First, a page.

Interfaith responses to attacks on places of worship
22 / 05 / 19
27 / 11 / 17
Stories of exclusion in London fill the airwaves and flood our social media feeds. At the same time, many Londoners work daily to welcome neighbours from all faiths and beliefs. London’s diverse and vibrant population powers over 24,000 voluntary organisations. That is about one for every 360 Londoners. Many of these organisations are local community projects which draw on their faith or belief as motivation for their community work.
On the 27th of November, 3FF hosted an Evening of Faith Recognition and Celebration. The event recognised the vital work of local communities in making London a welcoming place for people of all faiths and beliefs. The awards were sponsored by The Exilarch’s Foundation and Amersi Foundation, and the event was supported by Her Majesty’s Lord-Lieutenant of Greater London’s Council on Faith.
72 local projects received awards for their services to and for faith communities in London. These projects demonstrate how Londoners from all faiths and beliefs can work together for a fairer and more inclusive city.
For details about each project, please visit the websites of these organisations.
The 40 award winners were recognised for their work in four different categories.
London’s neighbourhoods are multi-faith spaces where people with different faiths and beliefs share the same public services and spaces. These effective local projects create community hubs open to all. Lunch clubs, night shelters, and food banks become places where neighbours work together to make people from every background feel welcome and at home. Working at the neighbourhood level, these projects identify people who need support and work over time to connect them to life-saving public services offered by local council and larger charities.
London’s churches, mosques, synagogues and temples provide social connection and belonging in local communities for people from each faith group. When these places of worship open their doors to serve people from all faiths and beliefs, they extend hospitality to the entire local community. These projects mobilise volunteers from faith groups, helping them to live out their faith by helping others. In the process, it increases these groups’ own sense of belonging in London. Some of these projects have been operating for decades, offering connection, advice and support on a weekly basis to their communities. These projects represent the best of London’s faith communities, providing an example for others to follow in making our places of worship into inclusive spaces of hospitality.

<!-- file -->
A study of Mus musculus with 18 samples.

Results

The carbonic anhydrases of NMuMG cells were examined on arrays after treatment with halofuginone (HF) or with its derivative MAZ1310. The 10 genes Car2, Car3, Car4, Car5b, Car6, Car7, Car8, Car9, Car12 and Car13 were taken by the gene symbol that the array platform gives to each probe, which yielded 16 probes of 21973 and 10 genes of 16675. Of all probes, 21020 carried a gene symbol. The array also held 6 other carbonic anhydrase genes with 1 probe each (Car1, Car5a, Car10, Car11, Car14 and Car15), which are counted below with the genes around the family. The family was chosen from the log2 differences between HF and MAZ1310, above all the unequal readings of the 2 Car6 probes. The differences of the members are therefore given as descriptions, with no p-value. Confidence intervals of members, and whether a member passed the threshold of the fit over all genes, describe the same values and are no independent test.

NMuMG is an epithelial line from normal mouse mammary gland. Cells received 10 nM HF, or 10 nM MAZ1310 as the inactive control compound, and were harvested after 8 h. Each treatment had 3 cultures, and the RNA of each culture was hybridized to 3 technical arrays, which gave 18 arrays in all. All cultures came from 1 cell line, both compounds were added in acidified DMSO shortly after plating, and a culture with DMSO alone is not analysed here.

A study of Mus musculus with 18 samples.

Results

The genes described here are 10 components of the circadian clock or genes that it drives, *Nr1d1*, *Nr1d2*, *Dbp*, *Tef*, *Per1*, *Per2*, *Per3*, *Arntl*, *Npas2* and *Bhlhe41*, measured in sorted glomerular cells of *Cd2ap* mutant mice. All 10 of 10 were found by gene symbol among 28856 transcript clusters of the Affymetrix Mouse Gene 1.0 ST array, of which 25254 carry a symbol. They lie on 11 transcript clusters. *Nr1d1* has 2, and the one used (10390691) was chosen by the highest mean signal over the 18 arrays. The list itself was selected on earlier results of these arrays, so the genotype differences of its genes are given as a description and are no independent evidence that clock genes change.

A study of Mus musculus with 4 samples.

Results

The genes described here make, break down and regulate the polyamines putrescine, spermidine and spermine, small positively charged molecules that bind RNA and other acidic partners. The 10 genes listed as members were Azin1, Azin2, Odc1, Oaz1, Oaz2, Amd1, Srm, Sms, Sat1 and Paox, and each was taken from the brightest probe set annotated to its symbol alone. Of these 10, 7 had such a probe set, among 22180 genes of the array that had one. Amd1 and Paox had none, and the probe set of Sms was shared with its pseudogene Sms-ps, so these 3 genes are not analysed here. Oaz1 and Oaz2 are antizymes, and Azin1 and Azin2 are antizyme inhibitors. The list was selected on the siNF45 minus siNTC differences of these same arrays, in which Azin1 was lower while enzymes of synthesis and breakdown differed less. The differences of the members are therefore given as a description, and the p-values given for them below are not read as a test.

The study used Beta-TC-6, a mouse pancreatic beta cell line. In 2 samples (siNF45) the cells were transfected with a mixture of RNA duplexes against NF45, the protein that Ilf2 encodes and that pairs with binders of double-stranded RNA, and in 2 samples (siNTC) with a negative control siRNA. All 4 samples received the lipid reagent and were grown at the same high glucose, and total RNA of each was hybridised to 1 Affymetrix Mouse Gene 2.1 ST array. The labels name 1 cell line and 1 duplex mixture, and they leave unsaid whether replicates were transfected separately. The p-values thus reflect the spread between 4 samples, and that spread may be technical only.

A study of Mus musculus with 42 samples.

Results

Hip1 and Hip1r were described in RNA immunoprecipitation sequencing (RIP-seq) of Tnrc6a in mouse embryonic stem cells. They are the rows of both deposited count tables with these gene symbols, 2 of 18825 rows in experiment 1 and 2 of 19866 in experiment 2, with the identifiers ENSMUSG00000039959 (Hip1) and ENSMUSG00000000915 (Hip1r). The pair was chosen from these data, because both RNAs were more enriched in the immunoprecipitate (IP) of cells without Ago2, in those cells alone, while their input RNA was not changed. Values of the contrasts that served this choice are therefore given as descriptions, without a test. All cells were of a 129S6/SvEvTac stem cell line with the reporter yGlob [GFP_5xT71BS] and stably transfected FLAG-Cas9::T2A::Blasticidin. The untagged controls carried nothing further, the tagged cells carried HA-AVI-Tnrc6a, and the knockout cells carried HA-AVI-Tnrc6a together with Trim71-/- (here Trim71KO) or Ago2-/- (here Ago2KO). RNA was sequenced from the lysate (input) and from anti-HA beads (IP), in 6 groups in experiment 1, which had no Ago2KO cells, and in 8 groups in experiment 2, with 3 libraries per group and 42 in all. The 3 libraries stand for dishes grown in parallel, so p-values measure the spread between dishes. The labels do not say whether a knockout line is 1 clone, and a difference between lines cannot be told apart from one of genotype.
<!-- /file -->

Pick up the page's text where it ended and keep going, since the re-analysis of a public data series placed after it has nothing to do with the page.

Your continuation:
All the awarded projects reduce social isolation and improve the quality of life of Londoners. These projects have created specialised support for the health and wellbeing of Londoners. Local groups offer drop-in centres for vulnerable people with mental health issues, and for refugees and asylum seekers. Other projects offer specialised health and wellbeing services drawing on their own expertise: support for isolated people in Barnet, interfaith nutrition classes in Woolwich, housing and counselling for women vulnerable to trafficking in King’s Cross, one-on-one counselling for Muslim women in Tower Hamlets, support groups for long-term carers, and accredited counselling programmes for religious leaders in Wandsworth. These effective local projects also work as connectors, referring people in need to specialised services offered by local councils and larger charities.
These projects started small and local, but over time they have established specialised services which extend belonging to faith and belief groups who are often overlooked and excluded. They teach employable skills to young people and connect them with opportunities beyond their neighbourhoods, advocate for better media coverage of faith groups, educate the public about London’s history of migration, provide classes for newly arrived families settling into life in London, offer effective housing solutions to the homeless, and provide key support to people suffering financial trouble in burying their loved ones. These projects represent the power of local groups to build effective social services from the ground up.
32 additional projects were recognised for their services to and for faith and belief communities in Greater London.